2 Wheels

Why Have Vintage Mopeds Gotten So Popular?

As with classic SUVs, vintage motorcycles have risen in popularity in recent years. As have scooters, which is why manufacturers offer modern versions of icons like the Vespa and Honda Super Cub. But there’s another 2-wheeled form of transportation that’s also enjoying a cultural resurgence: the moped.

What is a moped?

Like motorcycles, mopeds have evolved over the years, and many modern models are confused for scooters, ItStillRuns reports. Both have step-through frames, for example, and small-capacity engines. In fact, the two are so indistinguishable, that mopeds are often simply classified as scooters with 50cc or smaller motors, State Farm explains.


Riding a white 2020 Honda Ruckus in the city
2020 Honda Ruckus | Honda

In the past, mopeds were typically powered by 2-stroke engines, RideApart reports. This meant, due to tightening emissions regulations, scooters like the Ruckus, full-size motorcycles, and bicycles mostly took their place in the US. However, these tiny 2-wheelers are experiencing a resurgence, enough for rider gangs to pop up, Wired reports.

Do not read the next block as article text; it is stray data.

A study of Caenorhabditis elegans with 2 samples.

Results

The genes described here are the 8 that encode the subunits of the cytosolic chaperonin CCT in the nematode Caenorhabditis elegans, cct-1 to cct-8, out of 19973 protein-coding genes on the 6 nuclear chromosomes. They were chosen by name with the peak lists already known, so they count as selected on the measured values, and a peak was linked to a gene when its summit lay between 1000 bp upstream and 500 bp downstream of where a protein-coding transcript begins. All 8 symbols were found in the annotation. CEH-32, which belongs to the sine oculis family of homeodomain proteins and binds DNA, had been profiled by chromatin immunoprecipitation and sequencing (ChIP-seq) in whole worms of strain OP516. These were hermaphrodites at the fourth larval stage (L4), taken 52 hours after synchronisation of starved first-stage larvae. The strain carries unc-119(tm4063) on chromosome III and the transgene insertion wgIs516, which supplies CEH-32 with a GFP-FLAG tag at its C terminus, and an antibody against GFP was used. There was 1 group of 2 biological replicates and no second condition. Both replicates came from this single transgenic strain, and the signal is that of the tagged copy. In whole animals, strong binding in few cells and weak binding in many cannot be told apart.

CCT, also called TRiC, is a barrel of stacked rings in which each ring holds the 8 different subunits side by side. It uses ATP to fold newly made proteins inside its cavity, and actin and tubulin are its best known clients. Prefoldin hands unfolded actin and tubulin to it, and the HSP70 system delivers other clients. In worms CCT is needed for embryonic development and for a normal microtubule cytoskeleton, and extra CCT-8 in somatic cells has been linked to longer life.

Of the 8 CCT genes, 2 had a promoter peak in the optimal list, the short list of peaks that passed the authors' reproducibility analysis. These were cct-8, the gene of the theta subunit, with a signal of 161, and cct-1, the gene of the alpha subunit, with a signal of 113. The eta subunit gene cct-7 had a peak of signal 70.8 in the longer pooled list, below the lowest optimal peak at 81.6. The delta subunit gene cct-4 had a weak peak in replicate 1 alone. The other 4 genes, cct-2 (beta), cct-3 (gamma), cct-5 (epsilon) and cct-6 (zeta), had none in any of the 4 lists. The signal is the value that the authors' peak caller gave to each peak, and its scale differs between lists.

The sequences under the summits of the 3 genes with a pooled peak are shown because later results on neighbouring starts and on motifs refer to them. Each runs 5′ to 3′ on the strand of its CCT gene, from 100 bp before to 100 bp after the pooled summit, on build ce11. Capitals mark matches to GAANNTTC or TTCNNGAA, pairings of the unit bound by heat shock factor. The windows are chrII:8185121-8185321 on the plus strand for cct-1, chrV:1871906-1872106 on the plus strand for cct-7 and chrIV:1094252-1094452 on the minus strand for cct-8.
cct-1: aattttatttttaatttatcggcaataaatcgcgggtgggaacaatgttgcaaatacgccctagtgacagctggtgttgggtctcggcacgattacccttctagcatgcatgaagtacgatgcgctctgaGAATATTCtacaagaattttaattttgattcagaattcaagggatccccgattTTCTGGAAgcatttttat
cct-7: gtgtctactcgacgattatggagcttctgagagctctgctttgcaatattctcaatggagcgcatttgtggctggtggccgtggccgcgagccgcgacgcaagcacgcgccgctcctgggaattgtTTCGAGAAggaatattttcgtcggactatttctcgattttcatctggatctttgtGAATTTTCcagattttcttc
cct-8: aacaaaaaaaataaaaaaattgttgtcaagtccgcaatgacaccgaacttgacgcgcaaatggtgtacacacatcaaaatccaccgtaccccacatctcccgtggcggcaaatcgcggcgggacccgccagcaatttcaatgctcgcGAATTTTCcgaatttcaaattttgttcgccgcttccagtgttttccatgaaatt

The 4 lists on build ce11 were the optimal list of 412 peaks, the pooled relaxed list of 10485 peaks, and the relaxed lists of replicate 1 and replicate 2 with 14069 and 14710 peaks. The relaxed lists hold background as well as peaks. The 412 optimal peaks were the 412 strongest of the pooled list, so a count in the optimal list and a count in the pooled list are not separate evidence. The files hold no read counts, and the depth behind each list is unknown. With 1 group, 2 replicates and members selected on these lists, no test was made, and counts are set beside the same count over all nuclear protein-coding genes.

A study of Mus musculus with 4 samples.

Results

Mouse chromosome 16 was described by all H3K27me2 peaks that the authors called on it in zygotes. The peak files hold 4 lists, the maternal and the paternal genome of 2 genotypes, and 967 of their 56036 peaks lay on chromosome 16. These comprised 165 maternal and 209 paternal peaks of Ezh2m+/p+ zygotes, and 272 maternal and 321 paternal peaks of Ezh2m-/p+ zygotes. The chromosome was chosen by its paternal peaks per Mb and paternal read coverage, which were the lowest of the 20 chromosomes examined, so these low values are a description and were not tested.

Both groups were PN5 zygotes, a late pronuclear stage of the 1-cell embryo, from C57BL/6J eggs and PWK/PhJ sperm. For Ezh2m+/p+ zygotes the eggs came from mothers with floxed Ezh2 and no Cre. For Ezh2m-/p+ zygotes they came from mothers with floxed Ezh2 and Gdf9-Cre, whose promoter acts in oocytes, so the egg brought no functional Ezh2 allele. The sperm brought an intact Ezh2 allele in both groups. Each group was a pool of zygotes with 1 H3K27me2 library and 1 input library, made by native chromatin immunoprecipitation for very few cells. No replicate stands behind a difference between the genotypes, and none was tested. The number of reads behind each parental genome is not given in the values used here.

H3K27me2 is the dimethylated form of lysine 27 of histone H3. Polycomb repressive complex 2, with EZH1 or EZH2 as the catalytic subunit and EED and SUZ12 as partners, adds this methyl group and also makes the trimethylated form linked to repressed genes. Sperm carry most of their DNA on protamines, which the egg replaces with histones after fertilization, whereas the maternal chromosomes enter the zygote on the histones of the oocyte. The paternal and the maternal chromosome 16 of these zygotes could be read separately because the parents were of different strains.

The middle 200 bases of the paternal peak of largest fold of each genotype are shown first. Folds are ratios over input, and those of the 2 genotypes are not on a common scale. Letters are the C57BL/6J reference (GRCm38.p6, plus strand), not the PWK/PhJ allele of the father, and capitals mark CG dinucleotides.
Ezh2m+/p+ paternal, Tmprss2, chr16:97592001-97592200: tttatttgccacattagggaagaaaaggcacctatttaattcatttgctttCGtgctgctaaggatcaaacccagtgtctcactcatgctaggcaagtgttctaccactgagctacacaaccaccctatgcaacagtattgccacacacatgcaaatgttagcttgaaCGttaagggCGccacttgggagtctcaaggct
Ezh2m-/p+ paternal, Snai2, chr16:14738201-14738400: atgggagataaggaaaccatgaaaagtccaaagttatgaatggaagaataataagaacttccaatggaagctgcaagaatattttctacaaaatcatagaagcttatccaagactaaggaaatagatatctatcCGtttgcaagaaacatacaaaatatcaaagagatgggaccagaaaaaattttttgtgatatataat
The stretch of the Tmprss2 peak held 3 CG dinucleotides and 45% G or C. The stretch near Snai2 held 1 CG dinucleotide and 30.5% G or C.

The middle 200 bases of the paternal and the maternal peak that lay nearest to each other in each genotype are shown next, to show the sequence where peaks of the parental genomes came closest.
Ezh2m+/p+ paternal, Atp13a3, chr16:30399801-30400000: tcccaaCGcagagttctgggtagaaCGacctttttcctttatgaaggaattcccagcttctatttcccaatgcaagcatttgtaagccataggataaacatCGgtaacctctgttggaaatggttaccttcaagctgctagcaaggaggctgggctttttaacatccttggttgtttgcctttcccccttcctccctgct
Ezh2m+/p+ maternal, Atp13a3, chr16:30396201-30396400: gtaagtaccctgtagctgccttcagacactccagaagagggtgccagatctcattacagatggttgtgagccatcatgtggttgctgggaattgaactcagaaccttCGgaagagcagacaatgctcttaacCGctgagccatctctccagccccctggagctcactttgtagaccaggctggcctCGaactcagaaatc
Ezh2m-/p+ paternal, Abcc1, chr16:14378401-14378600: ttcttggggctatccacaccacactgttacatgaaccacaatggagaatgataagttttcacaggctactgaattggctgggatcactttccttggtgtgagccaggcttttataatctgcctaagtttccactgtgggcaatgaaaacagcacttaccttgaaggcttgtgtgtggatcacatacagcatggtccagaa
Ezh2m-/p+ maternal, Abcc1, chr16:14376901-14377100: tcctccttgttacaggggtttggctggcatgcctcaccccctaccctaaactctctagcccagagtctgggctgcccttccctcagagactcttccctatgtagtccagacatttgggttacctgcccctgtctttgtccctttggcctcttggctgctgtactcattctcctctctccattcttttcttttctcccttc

But why is that?

Vintage moped popularity




Their 2-stroke design means they’re simple to work on. In fact, the co-founders of Janus Motorcycles got their start as vintage moped mechanics.

All these reasons are why vintage mopeds became popular in the 70s, the Omaha World-Herald explains. The US oil crisis meant gasoline was both expensive and in short supply. And because fuel was always expensive in Europe, as were vehicles in general, mopeds made great cheap wheels for young motorists.


Getting one of your own


Tan 1978 Puch Maxi Newport moped in the grass
1978 Puch Maxi Newport | Bring a Trailer

Today, a well-maintained Puch can go for $3000-$5000, or more, on Bring a Trailer. As of this writing, there’s a 1978 Puch Newport listed at $1500. However, it’s possible to find examples going for $2000 or even less.